That Time I Cried About Being a Terrible Mom


Picture the serenity:  It’s 930pm, your precious daughter has been asleep for a good hour or better, you’re laying in your king sized bed- cloud-esque mattress below you, marshmallowy down comforter over you- nothing to disturb your peace in the soft glow of the bedside lamp except…

The thought that you’re a terrible mom.

Suddenly, your blanket doubles as a puffs tissue and your husband becomes your confused therapist as you blabber about all of the things that you’ve done wrong since the moment your 4.5 year old was conceived.

I mean, I bawled.  I was giving Kim K a run for her money on the ugly cry front…and winning.

Let’s see, there was that time that I told her I would play picnic with her later just to blow her off long enough to finish the next five chapters in my book, and then it was bedtime and I promised we’d play “tomorrow”…  And then we forgot to play it the next day.

Obviously she’s going to grow up feeling like she’s not important and can’t trust anyone in her life.

Or what about the time I told her not to cry over something silly, which seems like an innocent remark to you and I, right?  But what if she internalized that phrase as “what matters to you doesnt really matter so stop crying” and is now doomed to a life of lying on couches with her eyes closed and her every sentence will start with “Well, my therapist says…”

Clearly she’s going to be an adult that cannot express her emotions nor communicate with anyone but the person she pays to talk to.


How about when I gave her a treat for being “such a good girl today” which undoubtedly ensures she will grow up believing that the only way to get and keep our love (plus “win” goodies) is if she is absolutely perfect 100% of the time?

Surely she’s doomed to psychosis and the ultimate personality suppressor: perfectionism.

There was even one time (or was it more than once?) I only half listened to her 10 minutes of jabbering about God knows what while I was doing something much more important, like scrolling through Facebook, and I didn’t even look up from my phone as I nodded in agreement with whatever she was saying.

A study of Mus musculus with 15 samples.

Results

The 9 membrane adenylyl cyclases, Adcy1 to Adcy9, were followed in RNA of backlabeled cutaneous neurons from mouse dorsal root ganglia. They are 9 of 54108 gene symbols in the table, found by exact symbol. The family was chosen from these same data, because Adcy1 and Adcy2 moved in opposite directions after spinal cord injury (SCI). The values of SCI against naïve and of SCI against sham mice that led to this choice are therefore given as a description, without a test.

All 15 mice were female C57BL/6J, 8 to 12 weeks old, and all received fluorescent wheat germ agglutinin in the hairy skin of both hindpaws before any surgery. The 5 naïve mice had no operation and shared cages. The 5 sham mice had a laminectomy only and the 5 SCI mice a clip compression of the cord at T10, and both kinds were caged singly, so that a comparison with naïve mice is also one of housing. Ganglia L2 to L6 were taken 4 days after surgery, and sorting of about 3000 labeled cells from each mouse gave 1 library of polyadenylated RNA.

No doubt she is going to grow old with mommy issues and zero self-confidence.

And so there I was, reading in bed, minding my own, when all of sudden I realized that I ruined my daughter’s life before she even turned half a decade old.  That must be a record.  Much like Monica Gellar, if I can’t win, I want to win at losing. #orsomethinglikethat

Except I don’t want to lose at this.  Because if I lose, then she loses.  And ugh, I don’t want her to lose because I’m a loser.

But am I?

How easy it is to hyper focus on all that you’ve done wrong.  Not just in parenting (Oh Lordy, though, is it ever easy to do with parenting), but in everything.  People spend more time thinking about their past, a part of their lives that they virtually have no control over, than they do their day to day.

Wouldn’t it be ridiculously short sighted of me to “give up” trying to help shape her into a functioning member of society because I messed up a few times over the years?

That’s kind of what happens to us, though, isn’t it?

We allow the worst parts of our lives to define our lives.  We hang onto the times we failed instead of focusing on the ways we’ve overcome.  We filter our life’s pictures with negativity instead of turning on the flash and seeing clearly.

Here’s the truth: I’m not a terrible mom.  I’m a mom who’s messed up.  I’m a mom who’s most likely going to mess up her kid in some regard (don’t we all)?  I’m a messy mom.  I’m a hot mess mom.  But I’m not a terrible mom…and neither are you.


You can do terrible things but that doesn’t make you a terrible person.

You can make a mistake, but that doesn’t make you a mistake.

That time I cried about being a terrible mom, I remembered that those were terrible feelings to hold onto and terrible things to say about myself, and I prayed them away.  My hubby and I prayed and then we went and woke up our little lady, brought her into that big squishy bed, and let her sleep between us, that night.

And I’m pretty sure that that spontaneous slumber party makes up for the time I waited until she went to bed to finish off the ice cream because there wasn’t enough to share…


Have you ever felt like a terrible mom?  You’ll probably fit right into the Messy Mom Squad–with all of the other no good mothers–and we can mess up our kids together.  Yeah?

P.s. You’re awesome.  We’re all awesome.  Love your kiddo.  Keep them healthy.  And give yourself a pat on the back for being the absolutely incredible PERSON that you are.  Smooches!